Film & Television

‘Downton Abbey’: Nothing Succeeds Like Excess

The final episode of Downton Abbey aired in the U.S. on March 6, 2016. A record-setting 9.6 million viewers tuned in to bid farewell to a family they had come to know and love as their own — even if most of us didn’t have a title, dress for dinner, or live in an enormous country manor. 

It’s been more than three years, and it’s difficult to pinpoint what we’ve all missed most. The grandeur of Highclere Castle (a.k.a. Downton Abbey)? Lady Mary’s glamorous wardrobe? The illegitimate babies — above and below stairs? Six seasons of lovelorn “Poor Edith”? Branson’s republican ideals? Mr. and Mrs. Bates’s seemingly endless brushes with the law? The Dowager Countess’s biting one-liners? Thomas’s transformation from resident villain to sympathetic outsider? Moseley’s inebriated highland fling? The pomp? The circumstance? Or the delicious combination that made what was essentially a period soap opera into a most welcome escape from the comparatively drab and dreary everyday?

If you were among the millions of fans who suffered Downton withdrawal, by all means get thee to your local cinema this weekend for all of the above, and then some. 

Downton Abbey, the movie, is bigger, if not exactly better, than ever.

As the film begins, we’re immediately reminded of Downton‘s earliest season. Back then, an important message was being sent to the Crawley family: news that the Titanic had sunk and that Downton’s heir (and Mary’s assumed fiancé) was among the missing and presumed dead. This time, a message is sent from Buckingham Palace, with happier news for the family. King George V and Queen Mary (the current Queen Elizabeth’s grandparents) are coming to Downton. “This won’t help us economize,” admits Lord Grantham.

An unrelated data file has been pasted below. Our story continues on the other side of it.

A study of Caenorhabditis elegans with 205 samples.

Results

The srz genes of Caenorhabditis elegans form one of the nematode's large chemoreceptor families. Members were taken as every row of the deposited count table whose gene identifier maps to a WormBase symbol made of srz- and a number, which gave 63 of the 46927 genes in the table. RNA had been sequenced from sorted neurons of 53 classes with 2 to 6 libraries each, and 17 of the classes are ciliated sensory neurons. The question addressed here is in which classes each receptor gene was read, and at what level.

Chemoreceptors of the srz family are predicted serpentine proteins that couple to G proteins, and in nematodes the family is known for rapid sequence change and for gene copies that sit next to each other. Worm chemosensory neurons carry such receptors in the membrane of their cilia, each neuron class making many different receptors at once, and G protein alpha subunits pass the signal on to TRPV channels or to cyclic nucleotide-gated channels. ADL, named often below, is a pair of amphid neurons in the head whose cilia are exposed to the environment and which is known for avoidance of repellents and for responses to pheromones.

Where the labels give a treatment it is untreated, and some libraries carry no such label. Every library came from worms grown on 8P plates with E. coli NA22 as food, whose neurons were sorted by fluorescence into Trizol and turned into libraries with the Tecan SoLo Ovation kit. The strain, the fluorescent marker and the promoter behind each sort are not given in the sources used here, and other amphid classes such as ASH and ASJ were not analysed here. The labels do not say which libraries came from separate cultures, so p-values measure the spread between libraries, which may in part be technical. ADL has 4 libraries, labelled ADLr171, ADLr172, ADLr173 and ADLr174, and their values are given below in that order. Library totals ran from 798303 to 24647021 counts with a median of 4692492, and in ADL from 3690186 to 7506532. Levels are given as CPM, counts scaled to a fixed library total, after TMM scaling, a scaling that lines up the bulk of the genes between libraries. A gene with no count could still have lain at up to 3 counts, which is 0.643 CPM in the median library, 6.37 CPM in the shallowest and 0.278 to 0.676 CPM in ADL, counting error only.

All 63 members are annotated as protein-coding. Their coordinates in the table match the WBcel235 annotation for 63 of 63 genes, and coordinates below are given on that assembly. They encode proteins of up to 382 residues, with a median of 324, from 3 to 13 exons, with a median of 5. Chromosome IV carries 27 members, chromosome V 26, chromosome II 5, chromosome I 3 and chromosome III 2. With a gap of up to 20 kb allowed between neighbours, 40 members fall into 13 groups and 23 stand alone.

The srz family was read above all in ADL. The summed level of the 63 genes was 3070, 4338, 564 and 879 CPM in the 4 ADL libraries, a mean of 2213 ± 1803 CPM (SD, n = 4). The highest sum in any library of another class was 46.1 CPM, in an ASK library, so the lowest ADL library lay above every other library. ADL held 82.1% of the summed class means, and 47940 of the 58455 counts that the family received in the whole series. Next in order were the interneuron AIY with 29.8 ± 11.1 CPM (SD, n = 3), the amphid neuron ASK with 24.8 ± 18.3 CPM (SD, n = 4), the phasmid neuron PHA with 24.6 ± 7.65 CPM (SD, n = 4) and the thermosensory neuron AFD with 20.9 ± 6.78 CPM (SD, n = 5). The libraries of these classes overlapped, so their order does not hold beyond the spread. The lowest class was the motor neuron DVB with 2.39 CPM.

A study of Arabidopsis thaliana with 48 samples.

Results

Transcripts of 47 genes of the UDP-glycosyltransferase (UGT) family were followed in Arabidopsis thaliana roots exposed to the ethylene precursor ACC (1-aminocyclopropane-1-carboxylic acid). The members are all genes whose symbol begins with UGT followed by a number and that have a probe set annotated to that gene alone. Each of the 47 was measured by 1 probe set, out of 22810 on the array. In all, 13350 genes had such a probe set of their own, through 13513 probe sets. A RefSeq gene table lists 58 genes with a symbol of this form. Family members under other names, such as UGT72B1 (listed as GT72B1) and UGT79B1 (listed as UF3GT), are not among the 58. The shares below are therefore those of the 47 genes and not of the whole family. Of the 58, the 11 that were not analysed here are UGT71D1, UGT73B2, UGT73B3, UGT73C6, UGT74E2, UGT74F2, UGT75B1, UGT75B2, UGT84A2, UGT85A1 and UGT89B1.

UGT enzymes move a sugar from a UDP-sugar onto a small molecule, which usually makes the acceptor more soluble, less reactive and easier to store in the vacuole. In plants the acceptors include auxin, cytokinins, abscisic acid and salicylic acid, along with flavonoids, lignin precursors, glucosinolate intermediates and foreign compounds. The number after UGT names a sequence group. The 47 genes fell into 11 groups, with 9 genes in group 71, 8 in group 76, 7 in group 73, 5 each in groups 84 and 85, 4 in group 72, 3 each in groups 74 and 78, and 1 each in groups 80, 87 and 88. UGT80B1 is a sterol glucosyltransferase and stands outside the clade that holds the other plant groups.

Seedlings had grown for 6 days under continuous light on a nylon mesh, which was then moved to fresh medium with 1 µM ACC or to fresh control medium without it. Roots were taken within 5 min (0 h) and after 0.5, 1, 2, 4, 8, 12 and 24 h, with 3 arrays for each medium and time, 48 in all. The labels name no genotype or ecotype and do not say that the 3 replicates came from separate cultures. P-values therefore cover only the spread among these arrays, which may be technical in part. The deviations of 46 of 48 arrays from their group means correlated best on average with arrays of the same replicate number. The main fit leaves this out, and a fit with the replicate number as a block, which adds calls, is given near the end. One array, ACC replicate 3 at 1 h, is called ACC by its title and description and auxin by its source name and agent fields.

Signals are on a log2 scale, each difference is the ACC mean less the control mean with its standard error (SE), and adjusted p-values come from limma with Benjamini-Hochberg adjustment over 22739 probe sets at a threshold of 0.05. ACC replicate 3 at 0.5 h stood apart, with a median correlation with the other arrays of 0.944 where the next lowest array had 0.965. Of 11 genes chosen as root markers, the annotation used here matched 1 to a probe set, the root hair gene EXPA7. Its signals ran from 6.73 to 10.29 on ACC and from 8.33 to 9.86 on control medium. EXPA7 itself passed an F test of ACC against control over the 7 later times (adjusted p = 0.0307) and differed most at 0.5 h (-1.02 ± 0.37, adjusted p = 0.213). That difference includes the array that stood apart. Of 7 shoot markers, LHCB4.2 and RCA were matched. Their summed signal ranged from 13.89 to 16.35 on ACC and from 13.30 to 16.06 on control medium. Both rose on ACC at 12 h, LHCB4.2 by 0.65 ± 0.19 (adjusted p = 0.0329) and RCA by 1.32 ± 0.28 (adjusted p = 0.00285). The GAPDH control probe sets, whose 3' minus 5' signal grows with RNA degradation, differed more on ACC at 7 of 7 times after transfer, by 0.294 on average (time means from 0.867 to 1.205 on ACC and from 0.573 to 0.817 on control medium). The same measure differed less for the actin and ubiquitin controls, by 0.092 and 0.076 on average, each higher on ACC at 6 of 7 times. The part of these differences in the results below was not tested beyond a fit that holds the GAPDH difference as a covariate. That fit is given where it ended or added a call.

Even as we find ourselves in familiar territory (the well-heeled family gathered round the well-appointed dining room table, discussing the estate’s expenses), we’re also put on notice to expect an even grander experience than we’ve had before. The first shots of the Abbey are breathtaking (some of the audience members at the preview showing I attended actually clapped when it appeared). Working with a more generous budget, the scale of everything — from drone shots of Highclere and the surrounding countryside, to bejeweled tiaras and ball gowns, to feasts fit for, well obviously, a King and a Queen — has been raised several notches.

Most of Downton‘s beloved characters met happy endings when the series ended. So, creator Julian Fellowes and his team had to develop new narratives for the movie. The impending royal visit, which Fellowes based on an actual event, sets the tone and provides a logical beginning, middle, and end to the film. It also opens the door to intrigue, romance, comedy, and a very enthusiastic appreciation for the monarchy.

Preparing a country home for such an occasion puts everyone on his mettle, above and below stairs. Lady Mary, who has virtually taken over as head of the household, turns to her trusted stalwart Mr. Carson when she fears that the current butler, Mr. Barrow, is in over his head. (Carson’s palsy, the reason he retired at the end of season six, seems to have miraculously disappeared. I suppose a royal visit will do that kind of thing.) Level-headed housekeeper Mrs. Hughes warns the staff that the house has to gleam and shine. (Of course, I don’t recall its ever being particularly dull or dusty.) Mrs. Patmore and Daisy, who is engaged, a bit reluctantly, to footman Andy, plan elaborate meals. Lady Edith, now the Marchioness of Hexham, agrees to leave all her duties and come to Downton for the event. Former Irish rebel Branson plans to support the family and keep his more radical ideas to himself. Anna and John Bates, now with a baby of their own in the Downton nursery, seem thrilled, but not as thrilled as Mr. Moseley, who takes a leave of absence from his teaching job in order to put his livery back on and wait giddily upon his and her majesties. The only person who is as unflappable as ever is Lady Violet, the Dowager Countess. 

All is as it should be (and as we all anticipated). But that soon changes.